Governor Scott Walker is making the tough choices needed to avoid financial ruin in Wisconsin. Like most states, Wisconsin is facing a budget deficit caused in part by excessive pay and benefits for public employees. Governor Walker is tackling this problem head on, rightly proposing to bring public employees’ compensation in line with the private sector.
In response, President Obama, national Democrats and their union allies have gone on the attack, helping organize protests that have flooded the Wisconsin capitol and shutdown public schools in Milwaukee and Madison. They’re even lending moral support to the state Democratic lawmakers who fled the state to avoid a vote.
The nation’s governors don’t need a lecture from a President who has never balanced a budget. On both the federal and state level, we need leaders who will make the tough decisions and stand up to the public employees unions.
As a conservative governor in a liberal state, I regularly battled with the public employees union and am familiar with the sort of tactics we’re seeing in Madison. When I proposed reforms to public employees’ benefits, we had protests and one of the longest transit strikes in American history. But we won in Minnesota because average taxpayers supported the reforms – and I’m confident that Governor Walker will win in Wisconsin.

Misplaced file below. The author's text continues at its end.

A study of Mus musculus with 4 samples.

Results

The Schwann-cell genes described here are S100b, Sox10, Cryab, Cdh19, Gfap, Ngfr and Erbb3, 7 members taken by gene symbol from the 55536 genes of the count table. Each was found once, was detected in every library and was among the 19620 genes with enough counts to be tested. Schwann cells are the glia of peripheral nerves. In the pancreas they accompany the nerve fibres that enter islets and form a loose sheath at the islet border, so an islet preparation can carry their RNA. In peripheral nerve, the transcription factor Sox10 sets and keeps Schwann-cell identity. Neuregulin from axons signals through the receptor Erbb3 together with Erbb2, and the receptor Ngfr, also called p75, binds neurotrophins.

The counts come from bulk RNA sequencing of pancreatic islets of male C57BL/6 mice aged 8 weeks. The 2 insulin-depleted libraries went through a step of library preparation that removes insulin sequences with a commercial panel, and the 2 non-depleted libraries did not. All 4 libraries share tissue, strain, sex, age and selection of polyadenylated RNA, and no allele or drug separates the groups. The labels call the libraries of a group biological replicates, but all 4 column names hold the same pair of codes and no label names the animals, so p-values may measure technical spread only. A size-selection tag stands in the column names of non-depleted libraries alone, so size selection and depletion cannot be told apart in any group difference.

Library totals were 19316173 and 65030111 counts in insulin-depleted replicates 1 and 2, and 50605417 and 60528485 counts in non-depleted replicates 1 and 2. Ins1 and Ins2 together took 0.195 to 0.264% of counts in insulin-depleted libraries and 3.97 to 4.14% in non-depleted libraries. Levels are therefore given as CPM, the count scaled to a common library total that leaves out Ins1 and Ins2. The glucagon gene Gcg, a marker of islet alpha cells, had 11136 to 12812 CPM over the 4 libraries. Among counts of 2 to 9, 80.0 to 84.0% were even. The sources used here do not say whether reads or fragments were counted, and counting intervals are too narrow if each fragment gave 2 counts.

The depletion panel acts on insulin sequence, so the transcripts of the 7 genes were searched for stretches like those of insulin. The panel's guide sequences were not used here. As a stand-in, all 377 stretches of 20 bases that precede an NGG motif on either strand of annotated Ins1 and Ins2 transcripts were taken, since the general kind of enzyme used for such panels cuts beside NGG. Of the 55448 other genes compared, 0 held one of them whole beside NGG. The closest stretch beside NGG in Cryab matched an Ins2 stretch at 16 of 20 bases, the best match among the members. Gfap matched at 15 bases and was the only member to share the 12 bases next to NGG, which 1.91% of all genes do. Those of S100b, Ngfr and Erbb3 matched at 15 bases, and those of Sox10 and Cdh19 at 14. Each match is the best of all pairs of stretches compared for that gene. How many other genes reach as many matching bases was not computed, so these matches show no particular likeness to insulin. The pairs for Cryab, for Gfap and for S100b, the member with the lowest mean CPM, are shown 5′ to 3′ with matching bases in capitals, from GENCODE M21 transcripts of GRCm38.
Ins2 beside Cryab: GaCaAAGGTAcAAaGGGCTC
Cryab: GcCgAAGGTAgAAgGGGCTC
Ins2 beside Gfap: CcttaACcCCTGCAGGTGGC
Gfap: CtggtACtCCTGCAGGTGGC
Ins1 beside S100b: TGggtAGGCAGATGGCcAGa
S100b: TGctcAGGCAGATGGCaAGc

Decades of overpromising and fiscal malpractice by government officials have created unfunded public employee benefit liabilities of more than $3 trillion. We must bring public employee compensation back in line with the private sector and reduce the overall size of the federal civilian workforce. President Obama has paid lip service to this with proposed spending freezes, but real reform means actually shrinking government and ending the pay premium for public employees.
We must also reform excessive pay and pensions for public employees. For example, in Minnesota, bus drivers demanded lifetime health-care benefits after working just 15 years. (I refused – and they went on a 44-day strike before conceding.) Ultimately, we need to end defined-benefit retirement plans for government employees in favor of the clarity and predictability of defined-contribution models such as 401(k) plans. This alone can save taxpayers trillions of dollars.
The gig is up for public employee groups who demand better benefits than the taxpayers who are paying the bill. I’m confident Governor Walker’s reforms will succeed in Wisconsin. Stand strong, Scott — average taxpayers everywhere are rooting for you. Now is the time for every freedom-loving American to stand with Gov. Walker and show their support for his efforts to bring fiscal sanity back to state government.